The “Ted Talk”

It’s Thursday morning as I write this. I’m getting to be an old man and seldom stay up past midnight anymore. I did last night. One of the strangest things I have ever seen happen at a political convention – and I’ve been watching them since 1960 – happened when Canadian born Texas Tea Party/Republican Senator Raphael Edward “Ted” Cruz took the stage in Cleveland.

The 2016 Republican National convention is three days old as I write this and will be four day old when you read it. In a single word it has been a disaster to this point. When you have an obvious nominee they control the speaking slots. The convention is in effect a coronation. The event becomes a four day infomercial proclaiming to the world how great their ticket is and how evil the other Party’s is. The Republicans have done a pretty good job on the later but have blown the opportunity to achieve the former. If this were tennis we would say that Team Trump has continued to commit and in fact increased the frequency of their unforced errors.

Ted Cruz and Donald Trump don’t like each other. Neither is truly a Republican; both are attempting to use the Party to advance their personal agendas. Why the Trump campaign gave a prime time speaking slot to Cruz on a night whose focus should have been portraying Veep nominee Mike Pence in the best possible light is beyond me!

Cruz took to the stage allotted 10 minutes. He rambled on for 23 minutes finally exiting the stage to what by that time was a sustained chorus of boos from the assembled delegates and alternates. The Republican have a serious unity problem; part of the objective for Wednesday night way to put that away with a series of endorsements by several of Trump’s primary rivals. Wisconsin Governor Scott Walker did his bit in a speech. Florida Senator Marco Rubio literally e-mailed it in via a 90 second video. Cruz failed to endorse Trump during his speech, in fact telling all those listening whether in the arena or watching on television, “Vote your conscious.”

In the aftermath Trump tweeted that he had an advance copy of the speech, knew there would not be an endorsement and still allowed Cruz to take the stage. This is like throwing a big birthday bash for yourself and having a speaker dominate the evening that you knew would not wish you a Happy Birthday.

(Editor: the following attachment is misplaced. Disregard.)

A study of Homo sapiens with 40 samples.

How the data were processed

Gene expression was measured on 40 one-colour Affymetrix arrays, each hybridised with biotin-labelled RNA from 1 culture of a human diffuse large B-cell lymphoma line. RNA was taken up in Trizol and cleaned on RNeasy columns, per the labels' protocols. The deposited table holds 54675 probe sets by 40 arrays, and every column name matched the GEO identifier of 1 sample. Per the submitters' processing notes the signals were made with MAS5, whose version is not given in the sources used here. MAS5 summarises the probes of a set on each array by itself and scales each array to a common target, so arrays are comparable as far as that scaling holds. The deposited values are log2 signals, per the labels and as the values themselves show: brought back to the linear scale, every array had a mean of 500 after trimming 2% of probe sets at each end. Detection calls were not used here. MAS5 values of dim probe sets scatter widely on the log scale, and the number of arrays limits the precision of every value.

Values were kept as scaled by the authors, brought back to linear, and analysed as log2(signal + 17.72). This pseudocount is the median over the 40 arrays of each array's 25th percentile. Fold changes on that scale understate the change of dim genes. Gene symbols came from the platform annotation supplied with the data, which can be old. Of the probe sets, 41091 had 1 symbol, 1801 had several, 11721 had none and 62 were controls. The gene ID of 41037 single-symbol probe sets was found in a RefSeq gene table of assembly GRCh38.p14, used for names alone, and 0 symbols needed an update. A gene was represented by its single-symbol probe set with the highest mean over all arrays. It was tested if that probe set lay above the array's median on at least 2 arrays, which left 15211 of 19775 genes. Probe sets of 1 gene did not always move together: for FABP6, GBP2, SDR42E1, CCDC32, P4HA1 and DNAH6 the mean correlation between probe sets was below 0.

There is background to all of this and it may have had an unintended consequence. Trump and Cruz exchanged some very bitter barbs during the primary. It got personal and involved family. Cruz, in particular, has reason to despise Trump! I thought perhaps Cruz had reneged on a promise to endorse. That doesn’t appear to be the case. That is also why well run campaigns demand advance copies of speeches which they release to the press well before the speakers ever set foot in front of the cameras.

The interesting thing is that it appears Cruz did something Team Trump couldn’t do; unite the assembled behind the ticket. While a good many delegates are far from sold on Trump they found Cruz’s conduct reprehensible.

Cruz is betting that Trump loses in 2016, (a good bet at this point), and is trying to position himself as the frontrunner for the GOP nod in 2020. I think that maneuver may have backfired. Many GOP regulars, (including Texans), did not approve of his tactics.

The Trump campaign is having trouble raising money from big donors. Considering how poorly this convention is going I expect that to continue. The big boys don’t make donations, they make investments. They are not going to invest in what looks like a losing cause. If you can’t run a convention in a somewhat controlled environment, how are you going to beat Hillary Clinton? In order to get a return on investment your candidate must win.

The root problem here is that the Republican Party has been taken over by a bunch of extremists who care about their egos and do not care about the Party. Trump and Cruz are not anomalies; they are reflections of what the base of the Party is today.

This article is the property of and its content may not be used without citing the source. It may not be reproduced without the permission of Larry Marciniak.